Find NYU 2031 presentations and documents related to our public approval process.
Explore the many statments of support being voiced by members of the New York City community.
Keep up-to-date on the latest events and initiatives for community members with the NYU's Office of Government and Community Affairs.
Office of Government and Community Affairs
NYU 2031 is a long-term strategic framework for growth, developed over years of planning with input our internal and external communities. In July 2012, the New York City Council approved the Core Plan described by NYU 2031, granting the University a new zoning envelope to construct needed facilities over the coming years.
Looking to the Future
University Space Priorities Working Group
NYU is now turning from strategic to tactical planning, beginning with a university-wide dialogue to establish priorities for core space. The next stages of planning, including the development of new space and the renovation of existing space, are being guided by the University Space Priorities Working Group. This body is made up of faculty representatives appointed by NYU’s schools and the Faculty Senators Council, as well as students and administrators.
Documents submitted to the Working Group for their review, video from their Town Hall meetings, their communications, and other information can be found on their website »
Core Plan Commitments
As part of the University's agreement with the City Council, NYU is answering a number of local needs identified by Council Member Margaret Chin and Community Board 2 as we develop our Washington Square infrastructure. Explore the latest news and announcements, and access detailed information and documents, at our Core Plan Commitments page.
During the ULURP, this page recorded announcements and news items pertaining to 2031. That archive is available online. For updates about the current status of the project, explore the Core Plan Commitments page.
The Community Task Force on NYU Development created a set of principles that NYU has agreed will guide its future development.
Establish criteria for development within the existing NYU footprint in the University’s core location, and the surrounding neighborhoods that would prioritize.
— Identifying opportunities to decentralize facilities and actively pursuing these opportunities;
— Contextual development that is sensitive to building heights, densities, and materials;
— Reuse before new development.
— Considering mixed-use facilities that complement Manhattan’s mixed neighborhoods, particularly in regard to ground-floor uses.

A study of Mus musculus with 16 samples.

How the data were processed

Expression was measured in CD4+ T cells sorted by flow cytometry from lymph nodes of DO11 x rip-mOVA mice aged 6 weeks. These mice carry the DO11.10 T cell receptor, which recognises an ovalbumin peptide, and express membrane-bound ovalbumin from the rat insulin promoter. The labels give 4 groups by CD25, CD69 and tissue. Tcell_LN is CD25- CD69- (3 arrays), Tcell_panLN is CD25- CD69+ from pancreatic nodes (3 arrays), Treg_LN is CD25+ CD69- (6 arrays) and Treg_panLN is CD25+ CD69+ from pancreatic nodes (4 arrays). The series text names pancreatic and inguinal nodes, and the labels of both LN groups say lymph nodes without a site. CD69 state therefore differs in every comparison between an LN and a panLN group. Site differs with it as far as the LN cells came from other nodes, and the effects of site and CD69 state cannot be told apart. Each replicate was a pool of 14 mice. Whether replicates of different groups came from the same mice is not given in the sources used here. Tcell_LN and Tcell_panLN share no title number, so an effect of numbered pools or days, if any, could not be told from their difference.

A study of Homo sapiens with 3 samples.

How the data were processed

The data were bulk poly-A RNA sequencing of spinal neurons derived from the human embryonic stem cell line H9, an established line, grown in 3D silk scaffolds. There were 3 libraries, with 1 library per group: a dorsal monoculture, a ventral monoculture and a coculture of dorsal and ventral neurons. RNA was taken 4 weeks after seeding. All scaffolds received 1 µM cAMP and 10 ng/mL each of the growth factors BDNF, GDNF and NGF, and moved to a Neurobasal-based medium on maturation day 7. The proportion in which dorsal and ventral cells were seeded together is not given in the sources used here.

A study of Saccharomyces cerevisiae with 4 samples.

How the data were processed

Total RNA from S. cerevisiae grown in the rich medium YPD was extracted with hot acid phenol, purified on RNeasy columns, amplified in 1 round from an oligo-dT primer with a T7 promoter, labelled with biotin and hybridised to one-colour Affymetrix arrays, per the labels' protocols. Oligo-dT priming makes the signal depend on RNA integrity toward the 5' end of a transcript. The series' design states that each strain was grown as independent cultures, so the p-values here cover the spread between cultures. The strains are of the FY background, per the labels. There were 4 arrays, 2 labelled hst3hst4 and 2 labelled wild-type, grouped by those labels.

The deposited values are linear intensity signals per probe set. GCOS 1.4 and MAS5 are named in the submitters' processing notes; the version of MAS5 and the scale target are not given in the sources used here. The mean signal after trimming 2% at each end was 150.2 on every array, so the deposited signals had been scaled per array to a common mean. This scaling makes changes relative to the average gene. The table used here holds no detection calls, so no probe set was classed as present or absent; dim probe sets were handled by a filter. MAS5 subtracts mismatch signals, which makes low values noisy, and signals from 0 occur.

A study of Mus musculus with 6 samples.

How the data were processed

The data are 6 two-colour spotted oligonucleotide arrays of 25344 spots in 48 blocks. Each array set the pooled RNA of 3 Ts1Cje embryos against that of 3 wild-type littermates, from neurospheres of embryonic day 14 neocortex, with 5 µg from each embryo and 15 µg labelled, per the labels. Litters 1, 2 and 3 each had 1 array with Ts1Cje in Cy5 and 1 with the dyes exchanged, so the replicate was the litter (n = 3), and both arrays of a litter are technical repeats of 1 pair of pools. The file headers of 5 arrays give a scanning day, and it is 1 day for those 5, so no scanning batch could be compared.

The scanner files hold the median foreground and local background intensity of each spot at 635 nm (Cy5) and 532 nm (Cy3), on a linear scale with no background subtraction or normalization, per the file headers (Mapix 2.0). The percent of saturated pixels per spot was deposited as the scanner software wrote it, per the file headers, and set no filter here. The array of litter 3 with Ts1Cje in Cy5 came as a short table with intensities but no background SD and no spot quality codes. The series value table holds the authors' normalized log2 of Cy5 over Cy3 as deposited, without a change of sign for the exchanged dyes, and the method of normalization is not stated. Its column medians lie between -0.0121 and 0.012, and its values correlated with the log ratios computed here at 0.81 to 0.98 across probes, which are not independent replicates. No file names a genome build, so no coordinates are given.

Identify solutions to maximize utilization of existing assets by consulting with the community on:
— The types of facilities that can be decentralized from the Village core and surrounding neighborhoods and cultivating locations outside these areas;
— Preferences for appropriate places for vertical additions;
— Encouraging programmatic and scheduling efficiencies; and
— Opening new and reenvisioning existing recreational spaces to better serve both the student population as well as the community at large.
Make thoughtful urban and architectural design a priority by:
— Respecting the limitations of the urban environment, including the impact on New York City’s infrastructure;
— Improving the quality of open spaces; and
— Actively soliciting, utilizing, and implementing input from the community in the design process.
Support community sustainability by:
— Preserving existing diverse social and economic character through the support of community efforts to sustain affordable housing and local retail;
— Exploring the utilization of ground floors of buildings for community-oriented uses such as local retail, gallery spaces for local artists, nonprofit users and other providers of community services; and
— Generating a tenant relocation policy for legal, residential tenants, in the event that construction or conversion necessitates the relocation of tenants.
Respect for the community’s existing qualities of life including, but not limited to:
— Taking measures to mitigate effects of construction such as noise, dust, work hours; sound mitigation for mechanical equipment; and construction staging;
— Reaching out early and often for community consultation related to major construction;
— Creating a Web site for ongoing constructions; and
— Committing to a community-oriented public process for reviewing NYU’s proposed projects and developments.
NYU 2031 Core Plan Commitments
View a table of University commitments determined during the ULURP process surrounding construction on the Superblocks.